Wisdom from Chinese Literary and Buddhist Classics

365 Days for Travelers


Xuanzang (602 - 664, Tang Dynasty)
English translation: Miao Guang and Linda Tsui

Speak not words of fame or gain.

Take not actions that are superficial.

── from Xu Gaoseng Zhuan
(Continued Biographies of Eminent Monks)


Translated into Chinese by Xuanzang (Tang Dynasty)
English translation: Miao Guang

Avalokitesvara Bodhisattva, when in deep contemplation of the Prajna Paramita, realized that the Five Skandhas are empty, and thus he was able to overcome all ills and suffering.

── from Prajna Paramita Hrdaya Sutra
(Heart Sutra)

NOTE: When Avalokitesvara Bodhisattva was practicing the profound wisdom of perfection, the attainment enabled him to realize that the Five Skandhas─form, sensation, perception, volition, and consciousness compose a false notion of the “self.” By gaining insight to the fact that all phenomena in the world are empty in nature─that nothing in this world is unchanging, independent, or substantial, he was able to transcend all suffering and adversity.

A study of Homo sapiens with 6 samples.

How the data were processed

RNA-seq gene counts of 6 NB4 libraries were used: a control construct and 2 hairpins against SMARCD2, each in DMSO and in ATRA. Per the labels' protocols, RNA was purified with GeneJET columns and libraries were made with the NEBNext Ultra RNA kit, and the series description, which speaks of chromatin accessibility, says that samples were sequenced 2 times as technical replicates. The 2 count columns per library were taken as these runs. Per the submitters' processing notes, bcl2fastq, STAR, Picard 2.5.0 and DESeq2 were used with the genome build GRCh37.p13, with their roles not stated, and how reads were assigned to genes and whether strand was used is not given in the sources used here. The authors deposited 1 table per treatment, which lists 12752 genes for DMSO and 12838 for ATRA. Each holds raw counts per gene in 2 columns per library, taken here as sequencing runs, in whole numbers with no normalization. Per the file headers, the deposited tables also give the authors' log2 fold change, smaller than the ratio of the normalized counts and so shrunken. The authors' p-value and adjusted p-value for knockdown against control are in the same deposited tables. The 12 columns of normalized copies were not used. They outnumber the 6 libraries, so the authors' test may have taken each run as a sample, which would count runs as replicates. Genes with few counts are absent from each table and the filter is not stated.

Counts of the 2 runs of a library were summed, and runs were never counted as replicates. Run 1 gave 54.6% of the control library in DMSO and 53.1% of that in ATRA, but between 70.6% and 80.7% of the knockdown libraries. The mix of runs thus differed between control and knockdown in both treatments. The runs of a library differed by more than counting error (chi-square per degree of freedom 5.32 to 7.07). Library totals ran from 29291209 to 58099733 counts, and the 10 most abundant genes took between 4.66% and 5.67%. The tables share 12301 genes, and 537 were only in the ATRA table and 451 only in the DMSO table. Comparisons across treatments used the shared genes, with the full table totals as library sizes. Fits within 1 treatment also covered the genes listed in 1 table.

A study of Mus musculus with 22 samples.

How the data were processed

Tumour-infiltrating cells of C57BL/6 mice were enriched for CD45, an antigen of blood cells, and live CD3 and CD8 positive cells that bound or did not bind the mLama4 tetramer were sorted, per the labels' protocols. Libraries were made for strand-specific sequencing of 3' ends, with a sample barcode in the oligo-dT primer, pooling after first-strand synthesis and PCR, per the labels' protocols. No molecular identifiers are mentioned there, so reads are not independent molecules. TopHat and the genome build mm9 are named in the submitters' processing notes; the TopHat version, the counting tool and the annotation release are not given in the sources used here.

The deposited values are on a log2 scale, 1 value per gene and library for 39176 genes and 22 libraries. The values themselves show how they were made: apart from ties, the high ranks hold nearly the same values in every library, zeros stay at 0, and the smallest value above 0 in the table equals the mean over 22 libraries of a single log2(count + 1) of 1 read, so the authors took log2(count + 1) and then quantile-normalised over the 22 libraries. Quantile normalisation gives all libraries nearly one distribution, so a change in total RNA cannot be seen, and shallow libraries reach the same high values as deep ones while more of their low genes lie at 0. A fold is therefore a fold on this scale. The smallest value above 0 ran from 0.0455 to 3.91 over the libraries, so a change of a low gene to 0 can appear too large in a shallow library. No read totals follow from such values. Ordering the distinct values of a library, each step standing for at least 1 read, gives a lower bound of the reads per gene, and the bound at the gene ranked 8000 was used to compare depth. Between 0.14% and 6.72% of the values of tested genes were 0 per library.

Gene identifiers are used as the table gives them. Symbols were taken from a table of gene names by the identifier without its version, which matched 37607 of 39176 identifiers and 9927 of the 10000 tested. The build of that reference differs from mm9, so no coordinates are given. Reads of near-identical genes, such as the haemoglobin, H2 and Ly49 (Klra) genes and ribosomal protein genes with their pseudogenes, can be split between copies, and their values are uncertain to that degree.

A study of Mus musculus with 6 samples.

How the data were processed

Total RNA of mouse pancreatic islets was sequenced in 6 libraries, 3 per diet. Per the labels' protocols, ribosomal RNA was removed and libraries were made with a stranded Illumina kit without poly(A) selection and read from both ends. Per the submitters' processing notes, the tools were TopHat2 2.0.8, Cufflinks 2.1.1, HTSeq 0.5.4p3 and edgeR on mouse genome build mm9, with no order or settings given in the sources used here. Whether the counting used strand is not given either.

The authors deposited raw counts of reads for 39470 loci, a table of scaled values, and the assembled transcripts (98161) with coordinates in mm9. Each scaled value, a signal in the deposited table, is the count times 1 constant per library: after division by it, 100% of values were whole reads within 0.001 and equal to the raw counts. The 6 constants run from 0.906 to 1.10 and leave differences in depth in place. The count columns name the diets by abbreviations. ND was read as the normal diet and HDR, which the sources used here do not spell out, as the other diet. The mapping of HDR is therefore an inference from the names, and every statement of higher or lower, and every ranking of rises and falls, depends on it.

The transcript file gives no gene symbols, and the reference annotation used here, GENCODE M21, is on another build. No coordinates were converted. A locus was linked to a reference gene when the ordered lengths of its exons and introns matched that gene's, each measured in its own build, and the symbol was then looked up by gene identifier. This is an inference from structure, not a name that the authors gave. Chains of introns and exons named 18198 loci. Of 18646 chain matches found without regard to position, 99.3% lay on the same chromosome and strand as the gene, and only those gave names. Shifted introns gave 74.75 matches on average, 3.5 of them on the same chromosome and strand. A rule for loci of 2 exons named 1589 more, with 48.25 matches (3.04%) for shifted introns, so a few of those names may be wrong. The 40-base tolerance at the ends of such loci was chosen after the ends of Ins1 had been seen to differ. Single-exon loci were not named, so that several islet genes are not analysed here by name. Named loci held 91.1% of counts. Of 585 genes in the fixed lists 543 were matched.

What's New?


Humble Table, Wise Fare


Recorded by Leann Moore         0:11

Treating good people generously
     is a virtue;
tolerating bad people
is breeding a villain.

Dharma Instruments

Venerable Master Hsing Yun grants voices to the objects of daily monastic life to tell their stories in this collection of first-person narratives.

Sutras Chanting

The Medicine Buddha SutraMedicine Buddha, the Buddha of healing in Chinese Buddhism, is believed to cure all suffering (both physical and mental) of sentient beings. The Medicine Buddha Sutra is commonly chanted and recited in Buddhist monasteries, and the Medicine Buddha’s twelve great vows are widely praised.